A new Logan McRae novel by Stuart MacBride is something to look forward to, and, once it arrives, to be relished. "All That’s Dead" by Stuart MacBride is the twelfth in his series of novels about Aberdeen/Aberdeenshire cop, Inspector Logan McRae, and it certainly doesn't disappoint. Stuart MacBride books are not so much "Tartan Noir" as "Tartan Ultra-Noir" and "All That’s Dead" is as darkly entertaining as they come.
We join Logan on his first day back in Professional Standards after a year off work after being stabbed. He's hoping for a simple case to ease him back into the swing of things but is presented with anything but. The high-profile anti-independence campaigner, Professor Wilson, has gone missing, leaving nothing but bloodstains behind. Then his hands turn up, though not attached to him. The cop charged with investigating the professor's disappearance has problems of his own, and Logan, initially charged with investigating the investigating officer, is asked to step in and help out. Things quickly go from bad to worse, and the whole thing is playing out in the merciless glare of the media. Logan’s superiors want results, and they want them now. Someone out there is trying to make a point, and they’re making it a particularly gory way. If Logan can’t stop them, it won’t just be his career that dies.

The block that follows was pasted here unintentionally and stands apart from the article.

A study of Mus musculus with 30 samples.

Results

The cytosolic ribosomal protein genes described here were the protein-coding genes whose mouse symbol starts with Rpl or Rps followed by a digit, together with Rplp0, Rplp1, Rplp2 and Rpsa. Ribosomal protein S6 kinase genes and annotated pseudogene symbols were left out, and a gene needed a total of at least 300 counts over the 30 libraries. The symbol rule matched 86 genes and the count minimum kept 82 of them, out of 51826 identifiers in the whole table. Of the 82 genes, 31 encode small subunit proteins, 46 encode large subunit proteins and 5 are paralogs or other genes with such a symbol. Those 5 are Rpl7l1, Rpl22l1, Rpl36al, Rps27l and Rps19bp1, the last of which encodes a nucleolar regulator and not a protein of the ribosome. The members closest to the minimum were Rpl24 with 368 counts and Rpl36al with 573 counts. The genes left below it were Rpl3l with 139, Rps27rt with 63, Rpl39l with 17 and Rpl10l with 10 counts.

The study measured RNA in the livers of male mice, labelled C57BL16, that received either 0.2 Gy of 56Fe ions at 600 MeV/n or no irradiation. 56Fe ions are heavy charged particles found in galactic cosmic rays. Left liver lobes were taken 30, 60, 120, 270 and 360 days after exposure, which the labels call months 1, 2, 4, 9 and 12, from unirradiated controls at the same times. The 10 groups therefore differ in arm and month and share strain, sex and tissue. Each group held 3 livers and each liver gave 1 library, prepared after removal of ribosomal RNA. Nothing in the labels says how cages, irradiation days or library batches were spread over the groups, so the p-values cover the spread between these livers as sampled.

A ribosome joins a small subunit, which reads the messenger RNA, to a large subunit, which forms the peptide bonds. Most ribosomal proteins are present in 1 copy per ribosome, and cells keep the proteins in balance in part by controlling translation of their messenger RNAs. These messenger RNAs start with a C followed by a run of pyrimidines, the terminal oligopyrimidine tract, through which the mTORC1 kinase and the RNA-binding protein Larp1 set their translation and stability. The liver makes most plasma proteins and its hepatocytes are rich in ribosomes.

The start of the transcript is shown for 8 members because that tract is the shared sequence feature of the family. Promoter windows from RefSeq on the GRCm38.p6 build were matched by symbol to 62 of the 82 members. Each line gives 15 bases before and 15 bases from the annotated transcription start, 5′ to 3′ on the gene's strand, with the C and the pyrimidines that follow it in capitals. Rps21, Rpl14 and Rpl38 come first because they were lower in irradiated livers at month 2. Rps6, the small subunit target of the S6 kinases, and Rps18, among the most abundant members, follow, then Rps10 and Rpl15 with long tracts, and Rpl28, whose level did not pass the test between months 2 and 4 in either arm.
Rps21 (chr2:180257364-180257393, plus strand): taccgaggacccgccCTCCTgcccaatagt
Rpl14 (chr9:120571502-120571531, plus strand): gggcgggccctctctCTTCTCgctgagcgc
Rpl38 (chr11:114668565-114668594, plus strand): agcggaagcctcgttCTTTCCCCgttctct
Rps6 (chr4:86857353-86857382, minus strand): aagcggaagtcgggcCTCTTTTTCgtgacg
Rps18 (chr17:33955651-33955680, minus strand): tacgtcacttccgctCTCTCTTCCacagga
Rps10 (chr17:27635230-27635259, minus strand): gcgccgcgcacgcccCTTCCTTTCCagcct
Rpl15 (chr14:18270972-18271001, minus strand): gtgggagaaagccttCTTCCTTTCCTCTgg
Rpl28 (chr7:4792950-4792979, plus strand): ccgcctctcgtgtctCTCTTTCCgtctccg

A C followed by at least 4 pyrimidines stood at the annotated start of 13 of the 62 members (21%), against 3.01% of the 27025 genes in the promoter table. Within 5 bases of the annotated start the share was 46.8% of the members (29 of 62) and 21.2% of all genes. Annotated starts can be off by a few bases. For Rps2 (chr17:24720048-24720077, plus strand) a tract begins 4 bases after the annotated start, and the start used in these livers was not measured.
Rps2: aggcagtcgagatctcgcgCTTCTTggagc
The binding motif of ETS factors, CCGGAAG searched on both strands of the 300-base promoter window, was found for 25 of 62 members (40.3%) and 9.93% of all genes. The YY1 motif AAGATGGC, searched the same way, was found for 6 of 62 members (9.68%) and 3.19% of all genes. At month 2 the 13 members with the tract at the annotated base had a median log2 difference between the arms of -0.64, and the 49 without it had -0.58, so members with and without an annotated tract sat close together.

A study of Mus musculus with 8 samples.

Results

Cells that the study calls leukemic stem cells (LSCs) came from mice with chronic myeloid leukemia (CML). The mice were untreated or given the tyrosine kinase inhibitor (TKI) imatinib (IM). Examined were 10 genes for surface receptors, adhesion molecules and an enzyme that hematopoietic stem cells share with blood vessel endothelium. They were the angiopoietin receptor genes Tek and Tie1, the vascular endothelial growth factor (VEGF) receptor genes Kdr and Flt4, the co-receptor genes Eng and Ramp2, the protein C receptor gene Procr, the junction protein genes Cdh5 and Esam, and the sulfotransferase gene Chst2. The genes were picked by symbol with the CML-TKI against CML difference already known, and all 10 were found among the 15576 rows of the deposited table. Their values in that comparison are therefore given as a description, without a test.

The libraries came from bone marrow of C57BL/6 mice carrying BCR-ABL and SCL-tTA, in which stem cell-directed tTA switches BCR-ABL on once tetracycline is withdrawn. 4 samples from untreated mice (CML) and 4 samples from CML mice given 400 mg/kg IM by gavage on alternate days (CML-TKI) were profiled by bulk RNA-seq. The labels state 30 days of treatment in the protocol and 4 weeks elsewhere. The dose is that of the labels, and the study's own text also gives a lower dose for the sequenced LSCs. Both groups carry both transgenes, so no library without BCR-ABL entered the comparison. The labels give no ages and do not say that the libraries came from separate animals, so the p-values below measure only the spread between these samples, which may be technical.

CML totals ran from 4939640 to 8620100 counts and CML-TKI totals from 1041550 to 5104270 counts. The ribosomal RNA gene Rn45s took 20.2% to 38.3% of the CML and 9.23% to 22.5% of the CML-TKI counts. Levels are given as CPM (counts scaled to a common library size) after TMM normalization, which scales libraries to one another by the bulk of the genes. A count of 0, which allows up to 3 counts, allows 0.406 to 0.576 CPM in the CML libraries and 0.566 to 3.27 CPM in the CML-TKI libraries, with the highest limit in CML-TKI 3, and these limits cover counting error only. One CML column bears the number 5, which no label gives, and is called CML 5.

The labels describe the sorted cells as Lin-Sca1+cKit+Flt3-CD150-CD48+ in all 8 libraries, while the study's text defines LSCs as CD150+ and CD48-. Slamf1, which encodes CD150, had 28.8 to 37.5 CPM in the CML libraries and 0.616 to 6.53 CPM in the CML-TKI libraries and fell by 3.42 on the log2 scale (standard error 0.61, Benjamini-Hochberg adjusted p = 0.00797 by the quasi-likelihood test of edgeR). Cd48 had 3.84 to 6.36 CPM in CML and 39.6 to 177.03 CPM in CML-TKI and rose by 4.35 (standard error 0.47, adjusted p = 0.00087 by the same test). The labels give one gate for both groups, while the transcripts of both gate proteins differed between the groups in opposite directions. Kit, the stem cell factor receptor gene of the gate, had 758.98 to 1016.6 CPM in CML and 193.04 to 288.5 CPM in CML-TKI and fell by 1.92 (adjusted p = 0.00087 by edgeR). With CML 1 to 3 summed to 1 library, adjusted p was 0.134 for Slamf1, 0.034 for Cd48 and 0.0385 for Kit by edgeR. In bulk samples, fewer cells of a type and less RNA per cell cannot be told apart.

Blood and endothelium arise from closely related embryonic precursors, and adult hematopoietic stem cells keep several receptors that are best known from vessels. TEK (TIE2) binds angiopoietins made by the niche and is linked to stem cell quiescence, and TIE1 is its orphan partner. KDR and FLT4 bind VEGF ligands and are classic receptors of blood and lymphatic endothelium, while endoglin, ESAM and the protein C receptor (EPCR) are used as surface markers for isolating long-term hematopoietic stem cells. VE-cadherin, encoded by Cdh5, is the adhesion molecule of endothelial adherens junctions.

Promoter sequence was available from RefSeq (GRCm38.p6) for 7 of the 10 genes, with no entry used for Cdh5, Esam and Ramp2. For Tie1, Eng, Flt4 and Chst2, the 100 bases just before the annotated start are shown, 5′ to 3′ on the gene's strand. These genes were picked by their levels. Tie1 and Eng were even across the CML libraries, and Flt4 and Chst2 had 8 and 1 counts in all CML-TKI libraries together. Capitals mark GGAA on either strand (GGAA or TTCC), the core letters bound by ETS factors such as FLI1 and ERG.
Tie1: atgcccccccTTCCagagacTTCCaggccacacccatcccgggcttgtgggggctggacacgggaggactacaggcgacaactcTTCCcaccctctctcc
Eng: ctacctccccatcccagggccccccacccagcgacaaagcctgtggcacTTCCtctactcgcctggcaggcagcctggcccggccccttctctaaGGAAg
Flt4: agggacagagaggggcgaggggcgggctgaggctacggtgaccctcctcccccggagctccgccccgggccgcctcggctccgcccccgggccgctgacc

There are many things that make Stuart MacBride's crime novels stand out from the crowd. Perhaps the most striking is the incredible cast of characters he assembles. Even bit-part players tend to have a back-story, but he really goes to town with Logan's colleagues who are, individually and collectively, perhaps the most dysfunctional Scottish cops we've seen portrayed since "Scot Squad". That's a reference that will probably elude non-Scottish readers: just think "Keystone Cops" brought up to date and set in Scotland. To be fair to Stuart MacBride, though, he has been working this particular seam of near-caricature for a long time now and it really does work. We sincerely hope that the real Police Scotland isn't half as shambolic as he depicts, but there is a sense in which the sheer weirdness of some of his central characters (with the notable exception of Logan himself) helps offset the darkness of his themes.
In summary, if you are a Stuart MacBride fan you'll love this book. If you've not come across him before, then simply be prepared to suspend your disbelief and go along for a thoroughly enjoyable ride.